Elon Musk Claims He Is Not A Car Thief, Vehicle Was “Inadvertently Sold”

In a bit of a bizarre story, Tesla’s Elon Musk felt forced(?) to respond via Twitter to accusations that he stole someone’s car.

Customer’s frustration with Tesla boils over to theft “accusations”

In a blog post on (Not to be confused with one of the nation’s oldest magazine’s The Atlantic Monthly), a frustrated customer, presently just Marty, highlighted his troubles purchasing a Tesla. It should be noted early on that this was not a new Tesla Model S, but rather a showroom model that he was purchasing at a discount.

The discounted or “inventory car” are made available by Tesla after they have spent their early lives in test drives, in showrooms or as rentals. Having agreed on a price and remitting $4,000 as a deposit, Marty went about the process of having “his” car which was being purchased in California delivered to his home in Florida.

Marty claims that when the car was not delivered in the first week in January, as he expected it to be, he began making telephone calls and sending emails to determine the cause of the holdup. These calls were made and emails were sent to both the Orlando delivery center as well as Tesla’s headquarters in California.. While earlier in the blog post Marty claims that he “wasn’t that impressed” with the car following a test drive, however, he seemed quite keen to purchase one and from what I’ve read was quite interested in having the car delivered.

Finally, Marty was contacted by someone in Tesla.

Tesla and Elon Musk’s response, customer service concerns

“On the evening of January 7, the day before I was to receive my car, Kevin called me to explain he had a call in with the Office of the CEO at Tesla and was working with his team in Tesla to resolve a problem that had come up—their CEO, Elon Musk, had taken my car and was using it as his personal vehicle to test a new version of autopilot. Even worse, he said he could see all the calls I had made into the Orlando delivery center this past week, and no one was taking my calls because no one knew what to do,” Marty wrote in his post.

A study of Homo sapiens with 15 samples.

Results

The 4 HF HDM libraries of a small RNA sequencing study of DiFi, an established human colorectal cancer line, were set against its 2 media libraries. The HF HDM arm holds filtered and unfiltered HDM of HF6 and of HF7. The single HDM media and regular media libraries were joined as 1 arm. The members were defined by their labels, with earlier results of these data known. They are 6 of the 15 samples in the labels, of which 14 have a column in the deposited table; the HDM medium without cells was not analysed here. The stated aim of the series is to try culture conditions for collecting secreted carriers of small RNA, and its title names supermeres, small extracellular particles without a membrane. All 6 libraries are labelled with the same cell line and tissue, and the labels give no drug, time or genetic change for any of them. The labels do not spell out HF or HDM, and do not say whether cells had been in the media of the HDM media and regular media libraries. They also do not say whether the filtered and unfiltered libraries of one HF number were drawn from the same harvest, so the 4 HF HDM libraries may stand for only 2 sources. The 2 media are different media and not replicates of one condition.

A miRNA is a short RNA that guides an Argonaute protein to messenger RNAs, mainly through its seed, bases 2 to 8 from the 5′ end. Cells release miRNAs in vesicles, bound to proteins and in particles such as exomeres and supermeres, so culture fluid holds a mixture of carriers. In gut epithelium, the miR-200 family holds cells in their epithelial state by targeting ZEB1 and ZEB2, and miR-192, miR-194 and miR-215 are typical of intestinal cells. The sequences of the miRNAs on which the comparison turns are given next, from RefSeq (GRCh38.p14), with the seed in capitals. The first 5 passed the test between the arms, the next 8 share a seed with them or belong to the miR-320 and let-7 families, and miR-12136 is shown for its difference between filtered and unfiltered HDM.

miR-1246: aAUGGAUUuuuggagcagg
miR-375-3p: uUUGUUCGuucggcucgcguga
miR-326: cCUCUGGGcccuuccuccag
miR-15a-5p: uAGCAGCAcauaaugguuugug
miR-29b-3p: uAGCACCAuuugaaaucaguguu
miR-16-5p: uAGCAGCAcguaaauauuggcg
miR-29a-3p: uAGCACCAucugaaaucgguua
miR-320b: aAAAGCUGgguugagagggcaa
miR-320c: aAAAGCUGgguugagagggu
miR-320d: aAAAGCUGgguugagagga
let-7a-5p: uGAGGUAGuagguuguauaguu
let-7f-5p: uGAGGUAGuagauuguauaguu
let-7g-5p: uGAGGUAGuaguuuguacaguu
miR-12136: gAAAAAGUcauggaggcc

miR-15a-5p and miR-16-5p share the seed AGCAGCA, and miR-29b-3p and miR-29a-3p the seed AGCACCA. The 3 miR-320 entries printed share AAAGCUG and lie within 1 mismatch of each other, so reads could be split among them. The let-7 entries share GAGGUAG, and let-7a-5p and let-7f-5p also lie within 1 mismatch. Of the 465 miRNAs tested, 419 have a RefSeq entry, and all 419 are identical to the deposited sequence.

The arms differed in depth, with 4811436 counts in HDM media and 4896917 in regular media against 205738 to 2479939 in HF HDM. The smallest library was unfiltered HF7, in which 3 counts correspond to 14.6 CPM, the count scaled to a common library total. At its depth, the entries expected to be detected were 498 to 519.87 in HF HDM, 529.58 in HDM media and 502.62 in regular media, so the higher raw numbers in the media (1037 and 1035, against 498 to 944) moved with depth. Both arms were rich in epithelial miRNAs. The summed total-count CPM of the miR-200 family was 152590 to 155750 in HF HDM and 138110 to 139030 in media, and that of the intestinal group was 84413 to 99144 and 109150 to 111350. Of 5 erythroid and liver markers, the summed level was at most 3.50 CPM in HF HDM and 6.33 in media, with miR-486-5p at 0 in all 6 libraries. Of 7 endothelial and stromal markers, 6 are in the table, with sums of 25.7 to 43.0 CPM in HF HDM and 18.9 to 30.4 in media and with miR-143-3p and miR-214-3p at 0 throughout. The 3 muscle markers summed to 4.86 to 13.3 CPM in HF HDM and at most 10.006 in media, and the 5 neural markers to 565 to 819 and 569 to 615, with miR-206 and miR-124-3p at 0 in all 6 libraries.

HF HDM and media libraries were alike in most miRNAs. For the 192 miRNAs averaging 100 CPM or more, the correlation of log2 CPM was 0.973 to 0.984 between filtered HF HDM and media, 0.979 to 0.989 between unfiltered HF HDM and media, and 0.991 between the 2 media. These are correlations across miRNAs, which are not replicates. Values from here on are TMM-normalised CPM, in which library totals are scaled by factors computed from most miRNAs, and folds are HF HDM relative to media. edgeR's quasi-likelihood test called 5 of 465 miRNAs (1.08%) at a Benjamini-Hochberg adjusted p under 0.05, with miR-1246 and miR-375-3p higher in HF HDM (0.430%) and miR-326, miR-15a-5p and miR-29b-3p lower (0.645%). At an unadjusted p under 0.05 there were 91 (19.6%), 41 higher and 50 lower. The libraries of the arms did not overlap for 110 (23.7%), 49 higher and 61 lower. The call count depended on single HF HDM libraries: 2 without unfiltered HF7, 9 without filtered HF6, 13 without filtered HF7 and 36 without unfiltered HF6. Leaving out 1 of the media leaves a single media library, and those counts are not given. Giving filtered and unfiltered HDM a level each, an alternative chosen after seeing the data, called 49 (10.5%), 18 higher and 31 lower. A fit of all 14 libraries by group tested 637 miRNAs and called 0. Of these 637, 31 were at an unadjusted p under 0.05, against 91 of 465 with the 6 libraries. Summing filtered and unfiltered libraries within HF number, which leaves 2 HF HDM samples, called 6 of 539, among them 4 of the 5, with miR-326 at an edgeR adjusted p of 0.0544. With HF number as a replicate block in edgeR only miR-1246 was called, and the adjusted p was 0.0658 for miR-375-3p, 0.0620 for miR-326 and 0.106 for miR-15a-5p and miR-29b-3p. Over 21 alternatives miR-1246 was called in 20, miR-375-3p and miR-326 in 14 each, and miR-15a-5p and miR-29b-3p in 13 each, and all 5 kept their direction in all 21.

Elon Musk on Wednesday afternoon tweeted to Benzinga, (which published a story about the post) “I didn’t take anyone’s car and never would. Car was actually allocated to engineering test (not by me) and inadvertently sold.”

Whatever “inadvertently” selling a car means….

Benzinga responded:

I’m not here to vilify Marty and surely Tesla will try to sort out this problem. (This won’t be the case as the writer of this blog, canceled his order)  I don’t believe that Marty thinks Elon Musk stole his car despite titling his blog post : “How Elon Musk Stole My Car.”

That said he was clearly frustrated and if this story played out as he says it did, he brings up some customer service issues that need to be addressed in the end of his blog post.

“I think launching a higher volume (Model 3) sedan later this year with their current organization will be watching a slow-motion train wreck,” he posted.

“In my experience, it’s a hobby masquerading as a company, and it can probably run as a hobbyist organization for some time. But, at some point, customers will matter, they always do,” he finished.

While there is certainly an undercurrent of bitterness here, Tesla needs to listen to Marty’s advice going forward with their non-traditional sales model.